MANILA - Neutralizing Islamic militant group the Abu Sayyaf, which recently beheaded two foreign hostages and kidnapped seven more, is the top military priority of Philippine president-elect Rodrigo Duterte, his incoming defense secretary said Wednesday.
Delfin Lorenzana, who takes the reins of the Department of National Defense (DND) on Thursday, said the kidnappings of the extremist group -- which is also blamed for the worst terror attacks in Philippine history -- were already affecting the country economically.
"Our first priority is the Abu Sayyaf because that is the order of our new president: address the Abu Sayyaf immediately so we can neutralize them," he told reporters.
The Abu Sayyaf has defied two decades of government efforts to crush them and attacks such as its recent abduction of seven Indonesian seamen, prompting the country to bar its ships from carrying coal to the Philippines, have impacted the economy.
Lorenzana said that after conferring with military commanders, he would implement a plan "in a couple of days" to defeat the militant group.
They are based in the heavily-forested, southern islands of Basilan and Sulu where their mastery of the terrain and assistance from local Muslim communities have helped them evade government pursuit.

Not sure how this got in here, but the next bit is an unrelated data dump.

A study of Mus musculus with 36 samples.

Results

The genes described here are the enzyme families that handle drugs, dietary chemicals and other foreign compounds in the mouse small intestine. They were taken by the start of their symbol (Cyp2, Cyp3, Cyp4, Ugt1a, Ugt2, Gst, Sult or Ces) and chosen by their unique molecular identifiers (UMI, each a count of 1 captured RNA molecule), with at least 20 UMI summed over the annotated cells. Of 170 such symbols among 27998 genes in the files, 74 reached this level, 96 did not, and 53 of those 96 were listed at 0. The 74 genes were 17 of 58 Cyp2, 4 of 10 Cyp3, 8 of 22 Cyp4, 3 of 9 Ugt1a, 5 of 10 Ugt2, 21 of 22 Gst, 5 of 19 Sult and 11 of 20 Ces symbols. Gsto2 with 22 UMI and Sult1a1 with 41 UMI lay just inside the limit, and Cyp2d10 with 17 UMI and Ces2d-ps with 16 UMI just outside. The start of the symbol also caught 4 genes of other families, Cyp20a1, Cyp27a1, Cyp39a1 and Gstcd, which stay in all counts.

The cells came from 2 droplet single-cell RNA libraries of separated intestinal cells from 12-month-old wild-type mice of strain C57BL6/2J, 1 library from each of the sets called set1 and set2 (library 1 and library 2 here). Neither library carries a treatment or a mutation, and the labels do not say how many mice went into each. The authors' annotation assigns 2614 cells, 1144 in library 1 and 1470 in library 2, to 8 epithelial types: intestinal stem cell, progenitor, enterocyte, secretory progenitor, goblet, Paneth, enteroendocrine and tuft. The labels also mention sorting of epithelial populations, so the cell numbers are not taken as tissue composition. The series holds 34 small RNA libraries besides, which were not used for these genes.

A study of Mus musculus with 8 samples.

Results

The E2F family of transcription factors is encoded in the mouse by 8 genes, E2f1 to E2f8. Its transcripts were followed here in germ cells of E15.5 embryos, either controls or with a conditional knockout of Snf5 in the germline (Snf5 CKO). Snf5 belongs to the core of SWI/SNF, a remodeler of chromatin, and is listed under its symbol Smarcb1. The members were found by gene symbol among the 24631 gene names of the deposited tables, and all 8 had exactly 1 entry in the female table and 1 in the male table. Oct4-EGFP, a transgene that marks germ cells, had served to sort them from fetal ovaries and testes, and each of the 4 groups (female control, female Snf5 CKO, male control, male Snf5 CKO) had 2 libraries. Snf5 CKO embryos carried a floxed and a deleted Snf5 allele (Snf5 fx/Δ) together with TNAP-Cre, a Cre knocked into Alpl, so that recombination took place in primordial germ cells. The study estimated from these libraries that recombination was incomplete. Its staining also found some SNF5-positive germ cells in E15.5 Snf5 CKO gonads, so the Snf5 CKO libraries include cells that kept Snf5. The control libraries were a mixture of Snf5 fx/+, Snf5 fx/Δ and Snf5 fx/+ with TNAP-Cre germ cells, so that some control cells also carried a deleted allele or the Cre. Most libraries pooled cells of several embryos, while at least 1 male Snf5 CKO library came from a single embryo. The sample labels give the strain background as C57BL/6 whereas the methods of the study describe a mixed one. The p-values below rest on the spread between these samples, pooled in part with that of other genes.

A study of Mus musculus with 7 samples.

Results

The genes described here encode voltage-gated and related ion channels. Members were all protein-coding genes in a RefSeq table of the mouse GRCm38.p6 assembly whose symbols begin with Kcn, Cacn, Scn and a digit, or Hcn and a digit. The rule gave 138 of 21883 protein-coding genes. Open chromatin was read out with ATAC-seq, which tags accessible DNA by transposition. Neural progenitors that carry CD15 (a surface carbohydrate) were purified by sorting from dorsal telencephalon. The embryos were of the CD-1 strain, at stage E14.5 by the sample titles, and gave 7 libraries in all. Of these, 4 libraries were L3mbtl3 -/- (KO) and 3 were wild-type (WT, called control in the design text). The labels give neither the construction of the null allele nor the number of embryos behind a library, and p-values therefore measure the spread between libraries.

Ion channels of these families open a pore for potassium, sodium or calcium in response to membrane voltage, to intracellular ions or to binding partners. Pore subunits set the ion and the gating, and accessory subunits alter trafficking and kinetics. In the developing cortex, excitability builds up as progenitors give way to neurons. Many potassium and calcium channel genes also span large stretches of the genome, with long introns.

Although its leaders have pledged allegiance to Islamic State, analysts say they are mainly focused on lucrative kidnappings.
The Abu Sayyaf earlier this year beheaded two Canadian hostages who were kidnapped from a yachting resort in September. Another hostage, a Norwegian seized in the same raid, is still being held along with other foreign and local captives.
Lorenzana said the military would continue its operations to recover the hostages and capture the gunmen.
He added that their second priority would be assisting the police in a nationwide operation against crime. Duterte, who takes office on Thursday, won the May 9 presidential elections by promising a ruthless campaign against criminals, backed by the military.
"If they need more troops, more warm bodies, we will support them, depending on their request," he added.